Choosing the Right Sorbent for Electronics Applications

BY ROBERT SABDO, Multisorb Technologies

Maintaining the stability of moisture-sensitive electronic components and assemblies is a fundamental concern of manufacturers. Without adequate moisture management, moisture ingress results in oxidation and other product breakdown to severely impact the quality, safety, and longevity of sensitive products.

Sorbents adsorb moisture, oxygen, odors, hydrocarbons, and other volatiles from constrained environments. When incorporated early in the design process, they can prevent moisture and oxidation problems and help protect components and subsystems. Solutions can be as simple as a drop-in sachet or a tightly integrated part of the structure.

Click here to enlarge image

Ingress of moisture, in the presence of oxygen, creates the perfect environment for oxidation, causing salt build-up, dendritic growth, or tin whiskers. The resulting corrosion often leads to high production scrap or field failures. A key decision in the development of any sorbent strategy is to determine how to combat oxidation. Eliminating oxygen directly is often technically difficult and expensive. An alternative is to develop a strategy to manage moisture, the mediating factor to the oxidation reaction. Desiccants are the most common solution.

Some key factors to consider when choosing a desiccant are total capacity for moisture and moisture aggressiveness. The adsorption capacity and the adsorption rate of five common desiccants are shown in Figures 1 and 2. These include montmorillonite clay, silica gel, molecular sieve (synthetic zeolite), calcium sulfate, and calcium oxide.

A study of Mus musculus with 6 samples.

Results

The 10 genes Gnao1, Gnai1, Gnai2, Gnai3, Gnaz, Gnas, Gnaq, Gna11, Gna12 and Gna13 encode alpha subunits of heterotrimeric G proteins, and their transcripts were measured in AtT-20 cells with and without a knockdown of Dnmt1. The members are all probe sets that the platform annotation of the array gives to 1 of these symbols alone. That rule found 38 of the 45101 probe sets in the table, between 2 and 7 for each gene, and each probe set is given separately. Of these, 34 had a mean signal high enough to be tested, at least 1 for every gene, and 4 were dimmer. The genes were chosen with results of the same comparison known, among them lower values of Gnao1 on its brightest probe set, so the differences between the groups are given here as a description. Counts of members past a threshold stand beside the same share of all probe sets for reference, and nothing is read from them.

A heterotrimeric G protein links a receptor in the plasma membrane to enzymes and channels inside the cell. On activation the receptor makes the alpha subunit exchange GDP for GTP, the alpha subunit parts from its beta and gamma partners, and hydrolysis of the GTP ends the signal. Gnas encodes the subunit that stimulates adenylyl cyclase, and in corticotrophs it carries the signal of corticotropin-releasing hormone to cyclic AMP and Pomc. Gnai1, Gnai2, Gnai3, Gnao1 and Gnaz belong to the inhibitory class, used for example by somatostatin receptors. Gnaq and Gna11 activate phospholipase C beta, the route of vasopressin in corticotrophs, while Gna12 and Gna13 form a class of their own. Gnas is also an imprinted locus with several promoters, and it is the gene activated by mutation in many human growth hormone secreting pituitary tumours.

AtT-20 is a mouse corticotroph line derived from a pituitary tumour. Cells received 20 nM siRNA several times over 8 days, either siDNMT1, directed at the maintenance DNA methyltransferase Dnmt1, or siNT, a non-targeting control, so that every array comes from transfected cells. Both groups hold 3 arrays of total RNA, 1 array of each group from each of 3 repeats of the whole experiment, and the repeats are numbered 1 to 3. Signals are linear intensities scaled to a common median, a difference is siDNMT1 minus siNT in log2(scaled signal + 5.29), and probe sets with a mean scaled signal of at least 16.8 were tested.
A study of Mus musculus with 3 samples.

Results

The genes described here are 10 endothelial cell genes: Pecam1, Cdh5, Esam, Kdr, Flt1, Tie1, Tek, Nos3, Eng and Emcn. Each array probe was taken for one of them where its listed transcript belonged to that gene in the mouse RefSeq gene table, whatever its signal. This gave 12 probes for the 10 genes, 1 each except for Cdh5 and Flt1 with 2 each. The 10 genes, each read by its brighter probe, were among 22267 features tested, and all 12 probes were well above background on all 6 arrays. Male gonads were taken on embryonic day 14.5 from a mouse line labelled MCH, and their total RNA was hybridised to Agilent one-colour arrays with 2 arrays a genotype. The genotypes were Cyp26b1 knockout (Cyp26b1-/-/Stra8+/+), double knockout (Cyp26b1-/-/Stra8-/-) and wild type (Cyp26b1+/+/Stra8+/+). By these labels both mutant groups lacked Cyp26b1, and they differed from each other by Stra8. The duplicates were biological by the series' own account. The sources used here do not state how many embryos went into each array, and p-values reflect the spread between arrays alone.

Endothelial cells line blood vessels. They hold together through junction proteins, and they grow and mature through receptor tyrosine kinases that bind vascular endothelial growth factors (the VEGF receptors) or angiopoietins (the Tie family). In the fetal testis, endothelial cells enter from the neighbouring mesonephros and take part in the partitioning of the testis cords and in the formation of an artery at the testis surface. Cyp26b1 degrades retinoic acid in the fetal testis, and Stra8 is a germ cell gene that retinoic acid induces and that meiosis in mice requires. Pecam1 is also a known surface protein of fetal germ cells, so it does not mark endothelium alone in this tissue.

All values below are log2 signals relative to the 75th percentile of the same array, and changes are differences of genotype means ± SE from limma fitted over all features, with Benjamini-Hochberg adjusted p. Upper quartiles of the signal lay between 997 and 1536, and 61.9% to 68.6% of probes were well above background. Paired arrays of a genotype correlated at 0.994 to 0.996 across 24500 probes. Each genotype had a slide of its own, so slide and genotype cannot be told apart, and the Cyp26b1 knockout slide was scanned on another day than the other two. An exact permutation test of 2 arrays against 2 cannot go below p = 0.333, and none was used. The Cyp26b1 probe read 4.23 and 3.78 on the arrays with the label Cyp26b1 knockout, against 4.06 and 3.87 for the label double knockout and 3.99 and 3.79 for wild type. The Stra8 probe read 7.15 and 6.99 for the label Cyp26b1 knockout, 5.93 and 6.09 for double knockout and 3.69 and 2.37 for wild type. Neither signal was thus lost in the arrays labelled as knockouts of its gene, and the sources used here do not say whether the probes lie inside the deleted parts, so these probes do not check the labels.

These desiccants are prescribed depending on the type of technology or design priority. Applications such as LEDs, optical sensors, electronic circuitry, and semiconductors incorporate different desiccant formats due to varying sorbent requirements.

Click here to enlarge image

Calcium oxide is a frequent choice for sensitive LED components because it removes minute amounts of moisture even at low relative humidity. Yet its exothermic properties can create potential problems in temperature-sensitive electronics applications. Further, it has a limited adsorption capacity, initially removing large amounts of water, but tapering off over time, thereby reducing the longevity of moisture protection. Adsorption selectivity is also an issue to be considered: calcium oxide adsorbs many substances in the environment, whereas other sorbents – molecular sieves for example – are chemically formulated to target only water.

By contrast, optical sensors and components are known for their extreme sensitivity to moisture that accumulates over time. Moisture molecules cause undesirable reflections and reduce the effectiveness of light beams emitted from lasers. Maintaining long-term desiccation in vacuum-sealed compartments of light-emitting devices can be crucial to ensuring functionality over time.

In the case of microchips and semiconductors, if moisture is not managed from the outset, heat during manufacturing may cause accumulated moisture to expand and explode the component. Microchips and semiconductors will then have to be reconditioned, which is both expensive and labor-intensive. Popcorning, which occurs when accumulated moisture in hermetically-sealed electronic components cannot escape, can also lead to delamination of the die/package interface and to plastic package cracking.

One solution to the oxidation threat, especially when dealing with hermetically sealed components, is to build the sorbent into the device itself and protect it on a piece-by-piece basis. Specially-engineered sorbents can be incorporated into the material of the manufactured product, serving as structural components while also providing protection from moisture and oxidation.

Sorbent technology offers a diverse array of options that can be customized to fit a variety of design and manufacturing parameters. Key to ensuring product stability and integrity of electronics is the incorporation of a structural desiccant during the initial design phase.

Click here to enlarge image

ROBERT J. SABDO, JR., business development leader, electronics and specialty packaging, may be contacted at Multisorb Technologies, 325 Harlem Road, Buffalo, NY 14224-1893; Tel: 716/824-8900; E-mail:[email protected].


Easily post a comment below using your Linkedin, Twitter, Google or Facebook account. Comments won't automatically be posted to your social media accounts unless you select to share.